Second Lieutenant Joseph Douglas Fortin was a native of St Johnsbury, Vermont and a 2004 graduate of St Johnsbury Academy. He was a standout baseball player while in high school and participated in many extracurricular activities. In his junior year, he participated in the National Youth Leadership Forum on Defense, Intelligence and Diplomacy in Washington D.C.
He entered Roger Williams University in 2004 and enrolled in the Army ROTC two-year program. The Roger Williams University ROTC program is a satellite program of the University of Rhode Island. He was a standout at basic and advance camps receiving high praise for his performance. During his senior year, he served as the Company Commander and Operations Officer for the Roger Williams University ROTC Detachment. Joey was recognized by all as both the formal and informal cadet leader on the Bristol campus.
In 2008, he earned a Bachelor of Science Degree in Criminal Justice from Roger Williams University and was commissioned as a Second Lieutenant of Field Artillery. Immediately following his initial training, Second Lieutenant Fortin deployed to join his unit in Iraq during a critical period. Lieutenant Joseph Fortin served as the Fire Support Officer for the 1st Squadron, 7th Cavalry Regiment “Garryowen,” 1st Cavalry Division. He arrived at the squadron, stationed at Joint Security Station Istiqual, Iraq, in the early summer of 2009.
At that time, the mission of the 1st Cavalry Division was to protect the people of Baghdad in order to ensure the continued development of Iraqi civil capacity. Combined offensive operations provided the sustainable security that permitted continued Iraqi political and economical growth. As Iraqi civil capacity expanded, the emphasis on stability operations increased proportionally.
During that period, the 1-7th Cavalry expanded an already robust civil capacity effort across the squadron by placing even more emphasis and resources on stability operations. The improved security situation made it possible for the squadron and its embedded Provincial Reconstruction Team to focus on training the Iraqi local government officials to increase their capacity to provide Iraqi citizens with greater access to essential services.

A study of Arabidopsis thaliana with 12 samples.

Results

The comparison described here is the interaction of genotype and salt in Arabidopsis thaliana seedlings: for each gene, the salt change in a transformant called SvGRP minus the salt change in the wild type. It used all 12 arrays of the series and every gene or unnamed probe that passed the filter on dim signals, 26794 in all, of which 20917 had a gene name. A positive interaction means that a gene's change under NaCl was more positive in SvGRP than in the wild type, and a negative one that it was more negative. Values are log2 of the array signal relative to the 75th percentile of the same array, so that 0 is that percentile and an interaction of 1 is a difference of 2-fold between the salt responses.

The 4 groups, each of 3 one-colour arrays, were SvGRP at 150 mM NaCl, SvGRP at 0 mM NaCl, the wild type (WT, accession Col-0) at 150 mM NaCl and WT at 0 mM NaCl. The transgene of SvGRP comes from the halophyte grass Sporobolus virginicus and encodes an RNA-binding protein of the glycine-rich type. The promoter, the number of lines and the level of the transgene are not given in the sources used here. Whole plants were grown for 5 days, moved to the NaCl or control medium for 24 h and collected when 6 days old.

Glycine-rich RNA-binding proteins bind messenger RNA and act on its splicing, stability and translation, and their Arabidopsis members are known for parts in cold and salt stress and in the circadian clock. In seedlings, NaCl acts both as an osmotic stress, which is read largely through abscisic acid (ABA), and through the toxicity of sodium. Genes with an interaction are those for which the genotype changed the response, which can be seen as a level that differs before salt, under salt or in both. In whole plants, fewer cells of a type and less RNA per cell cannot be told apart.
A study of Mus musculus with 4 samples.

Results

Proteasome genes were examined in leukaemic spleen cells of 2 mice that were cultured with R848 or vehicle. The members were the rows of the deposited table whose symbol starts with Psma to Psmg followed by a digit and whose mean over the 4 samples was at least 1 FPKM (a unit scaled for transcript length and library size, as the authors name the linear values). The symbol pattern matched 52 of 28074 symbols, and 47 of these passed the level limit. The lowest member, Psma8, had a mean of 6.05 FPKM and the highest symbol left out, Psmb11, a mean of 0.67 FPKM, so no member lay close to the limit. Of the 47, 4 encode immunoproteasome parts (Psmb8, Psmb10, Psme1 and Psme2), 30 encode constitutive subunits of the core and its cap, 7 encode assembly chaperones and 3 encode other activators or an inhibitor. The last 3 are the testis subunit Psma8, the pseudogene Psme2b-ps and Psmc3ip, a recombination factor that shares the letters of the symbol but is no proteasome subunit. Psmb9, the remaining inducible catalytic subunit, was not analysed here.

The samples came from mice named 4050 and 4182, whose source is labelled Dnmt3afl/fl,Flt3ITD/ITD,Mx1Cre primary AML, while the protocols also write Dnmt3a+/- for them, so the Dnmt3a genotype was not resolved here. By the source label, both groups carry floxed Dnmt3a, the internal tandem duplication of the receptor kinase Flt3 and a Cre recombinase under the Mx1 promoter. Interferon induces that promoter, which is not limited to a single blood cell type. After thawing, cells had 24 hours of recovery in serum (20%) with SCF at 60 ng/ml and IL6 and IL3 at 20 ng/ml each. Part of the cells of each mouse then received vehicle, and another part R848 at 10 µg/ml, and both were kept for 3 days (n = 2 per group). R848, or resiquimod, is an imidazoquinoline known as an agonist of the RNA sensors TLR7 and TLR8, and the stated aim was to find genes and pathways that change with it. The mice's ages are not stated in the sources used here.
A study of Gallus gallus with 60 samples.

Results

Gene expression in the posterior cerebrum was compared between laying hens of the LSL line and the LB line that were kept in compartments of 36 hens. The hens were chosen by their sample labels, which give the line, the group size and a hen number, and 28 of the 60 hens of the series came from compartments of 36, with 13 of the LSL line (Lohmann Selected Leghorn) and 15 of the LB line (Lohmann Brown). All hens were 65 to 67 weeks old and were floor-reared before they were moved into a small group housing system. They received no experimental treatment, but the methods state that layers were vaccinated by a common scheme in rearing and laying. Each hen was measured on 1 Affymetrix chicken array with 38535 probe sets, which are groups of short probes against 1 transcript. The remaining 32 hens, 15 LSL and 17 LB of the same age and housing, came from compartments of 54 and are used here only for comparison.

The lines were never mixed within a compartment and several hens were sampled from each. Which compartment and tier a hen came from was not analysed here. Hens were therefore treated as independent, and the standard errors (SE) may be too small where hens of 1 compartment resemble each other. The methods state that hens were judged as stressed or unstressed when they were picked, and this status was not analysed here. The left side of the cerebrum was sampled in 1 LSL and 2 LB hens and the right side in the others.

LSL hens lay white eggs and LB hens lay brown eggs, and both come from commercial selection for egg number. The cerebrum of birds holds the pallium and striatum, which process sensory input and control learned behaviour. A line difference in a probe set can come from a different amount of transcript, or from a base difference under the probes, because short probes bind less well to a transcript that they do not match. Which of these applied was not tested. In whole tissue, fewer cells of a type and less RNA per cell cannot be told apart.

Second Lieutenant Fortin and his platoon were responsible for protecting the local farmers and improving the infrastructure and assisting in developing the local governments of Rashadiayh and Fahma Nahias, both Sunni agricultural communities located northeast of Baghdad along the Tigris River. Lieutenant Fortin’s area of operation was approximately 125 square kilometers with a population of 100,000 farmers and their families.
Lieutenant Fortin developed strong relationships with the influential tribal Sheikhs in both Rashidiyah and Fahama and set up infrastructure repair projects which included repairing the irrigation canals and pumping stations that had been destroyed after Desert Storm. Lieutenant Fortin, in conjunction with the U.S. State Department, also set-up classes dealing with agriculture development and livestock care and breeding.
His small platoon was able to improve significantly the agricultural production of that area and provide the people with knowledge on new and improved ways of farming. His platoon also improved local small businesses in the area through administration of a micro grant program that helped to boost the economy.
On 23 August 2009, Second Lieutenant Fortin led a combat patrol to meet with Sheikh Mizer, Rashidiyah Town Councilman, to discuss planned and possible future projects for the area. At approximately 2300 hours, his vehicle, the lead vehicle in the combat patrol, was struck by an explosively formed penetrator (EFP), a sophisticated improvised explosive device (IED) while traveling north along the Baghdad-Diyala Highway. Lieutenant Fortin was killed instantly. The driver and gunner were seriously wounded. Second Lieutenant Fortin was declared ‘Killed in Action” on 23 August 2009.
The Sheikhs of Rasidiyah and Fahama attended Lieutenant Fortin’s memorial service, and they all expressed the tremendous efforts of Joey Fortin in improving the lives of all the people of Rashadiayh and Fahama. All of the Sheikhs mentioned how Lieutenant Fortin’s platoon had done more for their people in two months than any other unit or organization had done since the end of Desert Storm.
Second Lieutenant Fortin was posthumously awarded the Bronze Star, Purple Heart and Combat Action Badge for his leadership and heroism of duty in Iraq. Second Lieutenant Fortin’s performance of duty, exemplary leadership and personal courage reflect great credit upon himself, his family and Roger Williams University. The Roger Williams University established a Second Lieutenant Fortin Memorial Scholarship Fund in his memory.
Second Lieutenant Joseph D. Fortin was buried with full military honors in Mount Cavalry Cemetery, St Johnsbury, Vermont.